Values-based grading is an educational assessment approach where grading practices are deliberately aligned with the pedagogical values and core educational principles of an instructor. This method ensures that the way students are assessed and graded directly supports and reinforces the learning goals deemed most crucial to the educational experience. For instance, if fostering critical thinking is a key pedagogical value, assessments might be designed to evaluate students' abilities to analyze, synthesize, and evaluate information rather than simply recalling facts.

For college faculty, values-based grading offers several significant advantages. Firstly, it promotes consistency between teaching objectives and assessment methods, ensuring that students are being evaluated on the skills and knowledge that are most valued in their courses. This alignment helps clarify for students what is important in their learning and what criteria they are expected to meet, thus enhancing transparency and fairness in grading. Secondly, values-based grading can deepen student engagement by linking assessments more closely to real-world applications and core professional competencies, thereby making learning more relevant and motivating. Lastly, this approach can foster a richer educational environment where students are encouraged to develop the particular strengths and qualities that align with the course's broader educational goals, contributing to a more holistic and impactful learning experience.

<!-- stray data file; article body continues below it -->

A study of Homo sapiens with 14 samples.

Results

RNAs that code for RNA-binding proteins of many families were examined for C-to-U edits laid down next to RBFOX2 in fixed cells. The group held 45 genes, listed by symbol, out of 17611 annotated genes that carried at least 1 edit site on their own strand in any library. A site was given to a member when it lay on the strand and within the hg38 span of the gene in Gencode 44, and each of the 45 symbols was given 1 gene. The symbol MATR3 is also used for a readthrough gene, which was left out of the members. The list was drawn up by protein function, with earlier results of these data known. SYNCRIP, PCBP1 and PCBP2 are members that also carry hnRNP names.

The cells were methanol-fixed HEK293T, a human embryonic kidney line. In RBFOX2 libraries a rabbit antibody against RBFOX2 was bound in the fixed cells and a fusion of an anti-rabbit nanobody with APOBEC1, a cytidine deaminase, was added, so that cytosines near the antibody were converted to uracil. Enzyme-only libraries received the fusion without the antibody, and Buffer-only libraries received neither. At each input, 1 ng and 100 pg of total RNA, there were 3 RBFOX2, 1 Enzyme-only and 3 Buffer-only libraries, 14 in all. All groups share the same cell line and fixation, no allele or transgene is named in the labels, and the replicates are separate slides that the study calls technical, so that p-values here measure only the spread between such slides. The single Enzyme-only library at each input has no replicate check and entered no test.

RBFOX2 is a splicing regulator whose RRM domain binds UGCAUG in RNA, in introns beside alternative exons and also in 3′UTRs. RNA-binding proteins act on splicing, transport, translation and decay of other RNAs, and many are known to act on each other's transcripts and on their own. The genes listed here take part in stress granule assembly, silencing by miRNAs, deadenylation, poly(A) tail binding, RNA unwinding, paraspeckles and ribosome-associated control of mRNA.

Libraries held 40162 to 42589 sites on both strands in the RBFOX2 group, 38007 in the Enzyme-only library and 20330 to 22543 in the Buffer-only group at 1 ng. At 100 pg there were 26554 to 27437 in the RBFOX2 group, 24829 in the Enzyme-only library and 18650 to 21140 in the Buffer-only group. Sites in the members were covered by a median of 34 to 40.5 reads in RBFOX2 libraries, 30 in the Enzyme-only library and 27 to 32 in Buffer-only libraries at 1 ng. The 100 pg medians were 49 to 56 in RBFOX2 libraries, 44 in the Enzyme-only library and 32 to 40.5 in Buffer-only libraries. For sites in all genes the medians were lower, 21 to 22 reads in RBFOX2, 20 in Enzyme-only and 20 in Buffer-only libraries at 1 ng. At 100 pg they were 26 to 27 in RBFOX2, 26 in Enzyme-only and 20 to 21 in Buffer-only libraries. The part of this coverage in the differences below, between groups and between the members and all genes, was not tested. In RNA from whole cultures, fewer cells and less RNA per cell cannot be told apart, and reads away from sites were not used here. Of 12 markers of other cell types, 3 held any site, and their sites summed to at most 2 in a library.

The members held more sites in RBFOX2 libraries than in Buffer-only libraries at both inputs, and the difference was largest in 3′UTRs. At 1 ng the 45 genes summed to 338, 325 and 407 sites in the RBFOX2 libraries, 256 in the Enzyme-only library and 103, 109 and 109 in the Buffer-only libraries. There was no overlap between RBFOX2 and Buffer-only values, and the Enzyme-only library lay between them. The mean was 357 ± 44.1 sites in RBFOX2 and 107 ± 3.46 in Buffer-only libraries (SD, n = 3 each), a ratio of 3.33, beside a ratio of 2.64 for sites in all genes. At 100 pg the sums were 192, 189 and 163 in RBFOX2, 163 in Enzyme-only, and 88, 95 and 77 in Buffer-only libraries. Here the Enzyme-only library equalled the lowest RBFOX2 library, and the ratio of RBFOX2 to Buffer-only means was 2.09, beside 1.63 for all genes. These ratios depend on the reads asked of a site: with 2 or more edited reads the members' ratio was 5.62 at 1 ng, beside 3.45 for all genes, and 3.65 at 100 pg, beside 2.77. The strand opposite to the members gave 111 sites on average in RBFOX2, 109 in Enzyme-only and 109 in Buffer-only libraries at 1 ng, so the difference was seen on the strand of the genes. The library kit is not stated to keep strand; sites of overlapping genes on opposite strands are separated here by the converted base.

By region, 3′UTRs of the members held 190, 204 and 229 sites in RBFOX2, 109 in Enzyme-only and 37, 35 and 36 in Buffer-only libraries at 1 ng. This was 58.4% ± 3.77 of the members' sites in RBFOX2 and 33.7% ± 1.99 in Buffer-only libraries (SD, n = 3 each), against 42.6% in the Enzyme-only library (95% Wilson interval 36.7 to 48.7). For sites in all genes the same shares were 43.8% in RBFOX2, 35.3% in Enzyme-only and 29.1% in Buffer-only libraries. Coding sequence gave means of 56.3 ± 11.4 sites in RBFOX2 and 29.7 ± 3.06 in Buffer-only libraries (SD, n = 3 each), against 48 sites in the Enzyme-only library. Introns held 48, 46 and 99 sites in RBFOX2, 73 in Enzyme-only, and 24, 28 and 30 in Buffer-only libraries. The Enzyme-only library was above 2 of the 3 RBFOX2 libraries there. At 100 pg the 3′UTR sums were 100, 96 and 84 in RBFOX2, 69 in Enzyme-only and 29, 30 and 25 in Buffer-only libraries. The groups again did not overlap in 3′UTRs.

What Is the Purpose of Grades? Aligning Your Grading Practices with Your Pedagogical Values

Do your grading practices accurately reflect what you believe about teaching and learning? Are there approaches that might be a better fit for your pedagogical goals?

As educators, it's imperative to continually reflect on whether our grading practices align with our educational beliefs and pedagogical values. Such reflection helps ensure that our assessments do not merely measure knowledge but also support broader educational goals, like critical thinking, creativity, and personal growth. This commitment to alignment demands a thoughtful examination of the underlying values and beliefs that guide our grading strategies.


Before You Begin Grading - USC Center for Teaching Excellence
Grading is a major concern for many new teachers and a lot of more experienced ones as well. Our perceptions of grading practices are influenced largely by our own experiences with grades. We all have our own ideas of how grades should be assigned, and what they should tell us about the student's performance. Given all that grades do and represent, they are a source of anxiety for students and often seem to inhibit enthusiasm for learning for its own sake.  Thoughtfully reflecting on the aspects of grading below will not eliminate the stress of grading for instructors, but it will decrease that stress and make the process of grading seem less arbitrary — to instructors and students alike.